Tuesday, February 21, 2012


At the end of the long 47-year wait - to be grateful to the government, or not?
 (The Star 16 Feb)
I don't get it. In this age of technology and with almost every government procedure now computerized, why do these elderly people have to wait decades to get their citizenship approved?

47 years - that's how long it took for the Home Ministry to approve 84-year old S. Sethu's application. He had applied five times and only succeeded on his sixth attempt. Why was his application rejected five times? Why was it finally approved after 47 years? Did something change in the long interim? Or was it merely a change of heart on the part of the government?

Plenty of questions but no answer. It would be good to know so that other unsuccessful applicants would have a better idea of how to increase their chances of obtaining Malaysian citizenship.

For those interested in the application procedure, this is what I have gathered from the Home Ministry website:

(Citizenship Application under Article 16 – Persons born in the Federation Before Merdeka Day, 31 August 1957)


To register a person aged 18 years or above who was born in the Federation before Merdeka Day as a citizen of Malaysia.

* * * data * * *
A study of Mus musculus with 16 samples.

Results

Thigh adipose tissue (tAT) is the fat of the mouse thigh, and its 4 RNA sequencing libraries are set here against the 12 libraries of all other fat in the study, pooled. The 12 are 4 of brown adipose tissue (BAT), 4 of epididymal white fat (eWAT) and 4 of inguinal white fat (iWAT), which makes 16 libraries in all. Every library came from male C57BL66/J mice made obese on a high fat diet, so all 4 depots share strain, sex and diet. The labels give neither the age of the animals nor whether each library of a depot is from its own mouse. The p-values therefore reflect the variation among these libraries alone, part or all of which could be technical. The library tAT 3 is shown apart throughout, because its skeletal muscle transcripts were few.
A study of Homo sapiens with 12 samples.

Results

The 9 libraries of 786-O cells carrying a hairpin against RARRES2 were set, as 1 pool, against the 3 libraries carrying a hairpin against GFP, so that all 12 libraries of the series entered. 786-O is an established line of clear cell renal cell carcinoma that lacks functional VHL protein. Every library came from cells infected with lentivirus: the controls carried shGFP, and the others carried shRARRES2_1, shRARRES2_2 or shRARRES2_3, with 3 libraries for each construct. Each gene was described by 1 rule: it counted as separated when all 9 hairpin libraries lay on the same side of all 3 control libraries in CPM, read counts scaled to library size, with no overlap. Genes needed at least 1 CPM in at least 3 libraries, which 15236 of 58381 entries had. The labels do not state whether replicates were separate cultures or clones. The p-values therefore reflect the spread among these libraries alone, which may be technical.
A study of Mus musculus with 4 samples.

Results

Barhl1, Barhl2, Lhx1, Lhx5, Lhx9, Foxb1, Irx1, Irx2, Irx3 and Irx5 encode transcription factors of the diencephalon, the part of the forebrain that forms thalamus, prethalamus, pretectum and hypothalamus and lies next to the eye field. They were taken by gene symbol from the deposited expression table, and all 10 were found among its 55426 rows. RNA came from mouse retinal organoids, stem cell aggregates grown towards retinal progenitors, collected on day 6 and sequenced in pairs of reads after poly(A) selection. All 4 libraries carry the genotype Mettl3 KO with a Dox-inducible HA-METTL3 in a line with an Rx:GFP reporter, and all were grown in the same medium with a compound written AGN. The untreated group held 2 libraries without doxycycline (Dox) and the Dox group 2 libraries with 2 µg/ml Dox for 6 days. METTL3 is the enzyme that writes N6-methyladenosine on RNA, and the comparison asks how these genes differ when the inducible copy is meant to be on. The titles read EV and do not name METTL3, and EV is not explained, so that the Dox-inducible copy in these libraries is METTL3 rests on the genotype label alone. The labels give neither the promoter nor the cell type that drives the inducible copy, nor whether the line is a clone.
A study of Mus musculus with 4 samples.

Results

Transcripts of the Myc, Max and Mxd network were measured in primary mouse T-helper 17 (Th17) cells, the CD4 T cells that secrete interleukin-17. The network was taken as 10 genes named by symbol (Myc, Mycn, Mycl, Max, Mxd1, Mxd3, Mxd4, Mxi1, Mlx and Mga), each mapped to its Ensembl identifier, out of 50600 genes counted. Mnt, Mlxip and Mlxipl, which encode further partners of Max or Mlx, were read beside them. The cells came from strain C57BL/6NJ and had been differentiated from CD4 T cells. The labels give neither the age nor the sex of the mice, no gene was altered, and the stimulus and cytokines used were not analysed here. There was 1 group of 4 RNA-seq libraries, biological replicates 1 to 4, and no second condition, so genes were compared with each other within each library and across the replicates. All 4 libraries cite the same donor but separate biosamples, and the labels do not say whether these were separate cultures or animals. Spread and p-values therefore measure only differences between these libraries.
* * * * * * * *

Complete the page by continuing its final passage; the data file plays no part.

The applicant is required to appear before the Registrar of Citizenship/Assistant Registrar of Citizenship when submitting the application.

The applicant should be born in the Federation before Merdeka Day (excluding Sabah and Sarawak).

The applicant should be 18 years old or above on the date of application.

The applicant has resided in the Federation over the previous 7 years and not less than 5 years from and until the date of submission of application.

The applicant intends to reside in the Federation.

The applicant is of good character.

The applicant has a simple knowledge of Malay Language.

Sounds pretty straightforward. So what's the problem? These are elderly folks who pose no threat whatsoever to the country. Tens of thousands of foreigners have already received their citizenship papers. They have stayed in the country for far fewer years than these elderly applicants. What's the explanation?

Another successful applicant, Mary Theresa, now 78, waited 50 years to get that piece of document which would enable her to enjoy the full benefits of being a citizen.

Let's hope it was worth the long wait for all these elderly new citizens of Malaysia.